In theory, the legal dispute surrounding marriage laws in Alabama is over. In practice, well, we'll see.
Milton Persinger, left, and Robert Povilat wait for a marriage license at the Mobile County Probate office, Feb. 10, 2015, in Mobile, Ala. (Photo by Sharon Steinmann/AP)
Milton Persinger, left, and Robert Povilat wait for a marriage license at the Mobile County Probate office, Feb. 10, 2015, in Mobile, Ala.
Alabama found itself facing untenable legal circumstances this week. Federal courts ruled that the state's ban on marriage equality is unconstitutional, and same-sex couples seeking to wed could do so effective Monday, Feb. 9. Alabama Supreme Court Chief Justice Roy Moore (R), however, issued a decree ordering local judges to ignore the federal courts.
The result was a bizarre patchwork: some Alabama counties honored the court rulings, some listened to Moore, and some stopped issuing marriage licenses altogether.
Yesterday brought some clarity to the matter.

The same federal judge who struck down Alabama's same-sex marriage ban last month has ordered a probate judge to begin issuing marriage licenses to gay and lesbian couples. The action, marriage equality advocates hope, will settle days of confusion across the state over whether same-sex couples can receive marriage licenses in all of Alabama's 67 counties.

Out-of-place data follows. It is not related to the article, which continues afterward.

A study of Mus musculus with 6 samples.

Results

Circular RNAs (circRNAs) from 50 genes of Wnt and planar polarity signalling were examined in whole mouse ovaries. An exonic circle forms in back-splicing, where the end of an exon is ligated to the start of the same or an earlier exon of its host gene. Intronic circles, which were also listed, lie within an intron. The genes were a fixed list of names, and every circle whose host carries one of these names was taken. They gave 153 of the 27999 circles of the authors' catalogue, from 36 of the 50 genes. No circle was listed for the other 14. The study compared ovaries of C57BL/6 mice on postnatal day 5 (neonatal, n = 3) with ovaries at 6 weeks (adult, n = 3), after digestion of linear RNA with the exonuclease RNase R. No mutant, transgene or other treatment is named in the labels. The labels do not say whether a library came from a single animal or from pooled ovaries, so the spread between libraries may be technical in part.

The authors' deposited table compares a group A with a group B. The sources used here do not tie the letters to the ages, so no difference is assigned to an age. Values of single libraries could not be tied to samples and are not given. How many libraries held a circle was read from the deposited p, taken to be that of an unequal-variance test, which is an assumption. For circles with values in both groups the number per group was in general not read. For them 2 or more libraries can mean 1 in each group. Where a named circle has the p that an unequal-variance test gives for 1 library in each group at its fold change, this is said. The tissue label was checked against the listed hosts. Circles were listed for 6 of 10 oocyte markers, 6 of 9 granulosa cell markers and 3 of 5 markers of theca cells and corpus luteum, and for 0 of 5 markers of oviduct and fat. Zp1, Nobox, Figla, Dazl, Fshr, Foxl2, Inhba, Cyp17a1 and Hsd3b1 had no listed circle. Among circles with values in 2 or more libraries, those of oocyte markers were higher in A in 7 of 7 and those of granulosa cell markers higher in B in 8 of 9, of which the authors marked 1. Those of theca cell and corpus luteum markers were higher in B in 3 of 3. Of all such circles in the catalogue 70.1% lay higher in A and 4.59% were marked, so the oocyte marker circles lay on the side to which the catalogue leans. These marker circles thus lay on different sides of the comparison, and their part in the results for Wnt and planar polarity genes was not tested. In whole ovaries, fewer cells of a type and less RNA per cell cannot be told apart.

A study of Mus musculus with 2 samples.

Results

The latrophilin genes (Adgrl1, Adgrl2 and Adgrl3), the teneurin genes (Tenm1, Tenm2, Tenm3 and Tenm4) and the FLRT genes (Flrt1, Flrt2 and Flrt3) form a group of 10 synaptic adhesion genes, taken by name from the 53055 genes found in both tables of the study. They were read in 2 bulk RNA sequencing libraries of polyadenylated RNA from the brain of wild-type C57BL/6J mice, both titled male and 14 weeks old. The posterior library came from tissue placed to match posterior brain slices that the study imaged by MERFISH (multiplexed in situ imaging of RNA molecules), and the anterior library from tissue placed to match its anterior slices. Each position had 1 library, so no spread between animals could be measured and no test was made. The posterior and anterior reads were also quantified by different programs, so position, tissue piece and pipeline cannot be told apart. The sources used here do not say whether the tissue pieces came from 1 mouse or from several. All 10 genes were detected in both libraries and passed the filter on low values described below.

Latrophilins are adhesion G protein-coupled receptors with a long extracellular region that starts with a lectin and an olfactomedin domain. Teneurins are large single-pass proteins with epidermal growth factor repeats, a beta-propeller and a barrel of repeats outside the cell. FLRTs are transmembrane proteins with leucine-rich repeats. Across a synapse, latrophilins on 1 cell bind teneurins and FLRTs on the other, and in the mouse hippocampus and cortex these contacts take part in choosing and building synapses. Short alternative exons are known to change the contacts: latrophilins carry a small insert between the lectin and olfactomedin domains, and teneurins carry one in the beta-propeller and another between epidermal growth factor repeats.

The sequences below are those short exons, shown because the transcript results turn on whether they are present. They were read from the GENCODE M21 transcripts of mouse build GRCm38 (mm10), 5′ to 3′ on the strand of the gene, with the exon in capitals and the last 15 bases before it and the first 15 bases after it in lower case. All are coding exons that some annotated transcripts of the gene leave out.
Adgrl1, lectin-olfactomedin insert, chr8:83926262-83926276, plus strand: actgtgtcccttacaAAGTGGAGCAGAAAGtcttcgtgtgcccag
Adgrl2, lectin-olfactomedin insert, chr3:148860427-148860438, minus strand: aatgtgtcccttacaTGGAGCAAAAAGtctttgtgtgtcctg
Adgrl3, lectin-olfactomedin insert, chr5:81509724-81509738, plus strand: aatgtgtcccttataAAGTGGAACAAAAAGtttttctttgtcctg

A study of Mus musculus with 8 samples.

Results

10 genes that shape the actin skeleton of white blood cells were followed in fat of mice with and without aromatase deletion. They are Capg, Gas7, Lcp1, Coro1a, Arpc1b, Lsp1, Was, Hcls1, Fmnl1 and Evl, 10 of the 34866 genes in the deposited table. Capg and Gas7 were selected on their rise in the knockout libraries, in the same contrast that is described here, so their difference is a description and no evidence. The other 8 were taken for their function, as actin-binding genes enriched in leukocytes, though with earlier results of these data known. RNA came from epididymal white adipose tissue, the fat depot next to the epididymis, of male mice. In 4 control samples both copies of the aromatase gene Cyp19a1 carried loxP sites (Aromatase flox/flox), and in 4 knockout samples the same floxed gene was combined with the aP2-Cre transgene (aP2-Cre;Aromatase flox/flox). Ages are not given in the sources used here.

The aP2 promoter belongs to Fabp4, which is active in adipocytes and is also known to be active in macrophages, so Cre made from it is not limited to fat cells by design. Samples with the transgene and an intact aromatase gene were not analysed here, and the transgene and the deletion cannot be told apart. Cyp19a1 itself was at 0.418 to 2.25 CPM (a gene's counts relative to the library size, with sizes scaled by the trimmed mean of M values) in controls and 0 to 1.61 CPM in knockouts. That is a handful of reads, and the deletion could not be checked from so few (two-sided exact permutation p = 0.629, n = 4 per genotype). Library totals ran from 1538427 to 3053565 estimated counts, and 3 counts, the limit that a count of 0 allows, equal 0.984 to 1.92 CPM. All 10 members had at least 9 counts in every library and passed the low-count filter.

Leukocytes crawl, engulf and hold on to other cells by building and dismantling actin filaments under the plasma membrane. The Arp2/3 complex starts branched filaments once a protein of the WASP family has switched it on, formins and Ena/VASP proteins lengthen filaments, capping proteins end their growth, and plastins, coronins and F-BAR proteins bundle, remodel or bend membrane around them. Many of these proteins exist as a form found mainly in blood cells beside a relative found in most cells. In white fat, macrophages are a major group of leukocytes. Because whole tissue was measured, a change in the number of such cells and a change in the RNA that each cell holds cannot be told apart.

In an eight-page court order, U.S. District Judge Callie V.S. Granade, appointed to the federal bench by President George W. Bush, explicitly told Alabama judges that this matter is not optional.
At one point, with just a hint of annoyance, Granade's order said, "[T]he court once again makes the following declarations...." Left unsaid , "Maybe you guys didn't understand me the first time."
In theory, this should bring the matter to a close, but given recent events, I say that with some trepidation. After all, if this week has made one thing clear it's that some officials in Alabama simply don't care about federal courts or the supremacy of federal law over state law. One local judge specifically said this week, "I'm not worried about following the U.S. Constitution."
That said, after yesterday's federal court order, those in Alabama who refuse to provide marriage licenses to same-sex couples have to realize that their defiance will likely lead to contempt charges.
As for Roy Moore, who continues to believe federal courts are incapable of striking down state laws, the unhinged jurist isn't backing down.

On gay marriage, it is all over but the shouting. But there will be some shouting. Nothing proved that more this week than when same-sex marriage arrived in Alabama, which ultimately led to an epic and at times rambling 20-minute-plus conversation Thursday between Alabama Chief Justice Roy Moore and CNN's Chris Cuomo. It was repetitive, in the weeds, and in some ways futile, foreshadowing the type of framing at least some prominent conservatives will maintain as they keep up the fight against same-sex marriage.

The transcript of the 20-minute interview is online here, though it's not easy reading. Long-story short, Moore mentioned Dred Scott eight times, apparently in the hopes of convincing people that there's nobility in ignoring federal court rulings.